5 things for employers to consider when managing an increasingly age-diverse workforce.
For employers, offering the right employee benefits can be tricky. After all, today’s workforce is more age diverse than ever, with sometimes five different generations of workers in one company.
Indeed, data from the Office for National Statistics shows that more than 24% of people living in the UK will be aged 65 or older by 2042 – up from 18% in 2016. Add to this the fact that fewer younger people are entering the workforce – the culmination of more wanting to study longer and older workers filling roles historically held by younger workers – and we are looking at the most multi-generational workforce ever.
That’s why a one-size-fits-all employee benefits offering isn’t going to achieve the best results when it comes to engaging, motivating and retaining the best talent.
[Related reading: Why Employers Need To Engage Their Gen X Employees]
So what can employers do to better manage this situation and ensure everyone feels included and valued? Here are five things employers should consider when managing a multi-generational workforce:
1. Embrace age diversity
Age diversity should be embraced because it inevitably makes for a more successful business. Even though employees of different ages will work in different ways, the benefits of a multi-generational workforce should be clearly highlighted. Remember, different generations have different skills and the right mixture of individuals can be especially effective.
2. Never assume
Employers often think they know what their employees want in terms of benefits, remunerations and policies (performance, recruitment, sickness, etc.). But why assume when you can know for certain by conducting polls and provide the kind of things your employees genuinely yearn for.
3. Promote a better work-life balance
Younger employees in particular desire a good work-life balance, but older generations increasingly want the same. A reduction in hours, for example, to allow the pursuit of hobbies, or simply a bit more time off to spend with loved ones, can really motivate older employees and show them that their employer is really thinking about their wants and needs.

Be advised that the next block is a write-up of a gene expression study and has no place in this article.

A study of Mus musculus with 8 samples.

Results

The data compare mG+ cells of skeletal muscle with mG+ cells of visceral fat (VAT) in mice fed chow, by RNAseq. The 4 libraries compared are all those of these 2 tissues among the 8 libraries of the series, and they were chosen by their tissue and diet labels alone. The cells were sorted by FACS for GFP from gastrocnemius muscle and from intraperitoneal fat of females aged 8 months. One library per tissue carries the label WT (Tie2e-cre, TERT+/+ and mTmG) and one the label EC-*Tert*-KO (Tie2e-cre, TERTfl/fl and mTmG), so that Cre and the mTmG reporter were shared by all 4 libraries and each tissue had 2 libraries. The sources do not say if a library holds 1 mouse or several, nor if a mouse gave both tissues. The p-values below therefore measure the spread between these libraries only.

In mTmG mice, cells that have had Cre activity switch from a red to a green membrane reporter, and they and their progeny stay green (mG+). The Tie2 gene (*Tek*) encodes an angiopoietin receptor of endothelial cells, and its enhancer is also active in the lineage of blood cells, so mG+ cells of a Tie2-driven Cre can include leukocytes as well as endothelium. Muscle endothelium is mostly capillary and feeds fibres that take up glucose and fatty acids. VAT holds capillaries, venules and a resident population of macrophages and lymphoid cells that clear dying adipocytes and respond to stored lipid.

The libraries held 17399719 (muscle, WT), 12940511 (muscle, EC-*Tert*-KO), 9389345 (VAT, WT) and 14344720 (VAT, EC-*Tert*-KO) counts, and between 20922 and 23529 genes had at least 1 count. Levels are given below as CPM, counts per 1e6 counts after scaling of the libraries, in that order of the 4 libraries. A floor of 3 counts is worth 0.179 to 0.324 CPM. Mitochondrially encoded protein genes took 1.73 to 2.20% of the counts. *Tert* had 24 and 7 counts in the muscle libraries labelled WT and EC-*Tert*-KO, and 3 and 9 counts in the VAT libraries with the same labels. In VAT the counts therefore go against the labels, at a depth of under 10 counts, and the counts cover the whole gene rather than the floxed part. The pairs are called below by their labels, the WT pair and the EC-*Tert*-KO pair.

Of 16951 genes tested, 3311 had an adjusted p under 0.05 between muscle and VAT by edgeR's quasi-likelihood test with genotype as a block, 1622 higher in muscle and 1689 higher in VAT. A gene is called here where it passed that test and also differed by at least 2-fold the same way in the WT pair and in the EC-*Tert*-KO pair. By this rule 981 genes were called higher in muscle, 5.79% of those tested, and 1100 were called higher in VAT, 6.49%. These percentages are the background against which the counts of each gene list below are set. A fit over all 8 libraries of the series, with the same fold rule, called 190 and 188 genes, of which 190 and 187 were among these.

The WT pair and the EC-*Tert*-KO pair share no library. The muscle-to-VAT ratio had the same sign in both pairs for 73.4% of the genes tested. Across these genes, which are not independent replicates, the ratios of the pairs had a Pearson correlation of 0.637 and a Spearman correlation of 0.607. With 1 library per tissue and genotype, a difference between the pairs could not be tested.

4. Provide opportunities to learn
Employees of all ages are motivated by the chance to enhance their skills, learn new ones and generally develop themselves professionally. That’s why employers should ensure that all their employees get the same L&D opportunities, regardless of age.
Again, don’t assume what your staff want when it comes to training and development. Ensure your line managers have meaningful conversations with their teams and create L&D plans that are followed through with.
5. Continually communicate and listen
Believe it or not, employees genuinely want to know how the business as a whole is doing in terms of finances, growth, market position, etc. Feed their appetite for information by holding regular update meetings across your organisation.
The best part of all is such meetings do not need to be uniformly delivered across the board. Consider offering employees the option of attending virtually, as well as in person. Different age groups prefer different communication channels, and you can even tailor messages to suit the generation you are talking to.
Looking to offer employee benefits but aren’t really sure where to start? Perhaps you already provide your workforce with benefits but want to switch things up a bit? We can help…
Contact us today and we’ll be happy to answer any questions you have.
Tom is the Sales Director for Premier Choice Group. In his role, Tom oversee’s growth across all areas of the business while maintaining a small number of his own clients. At Premier Choice, Tom and the team deliver a unique, personal service to every client, while growing the business and maintaining a strong reputation as the UK’s best intermediary.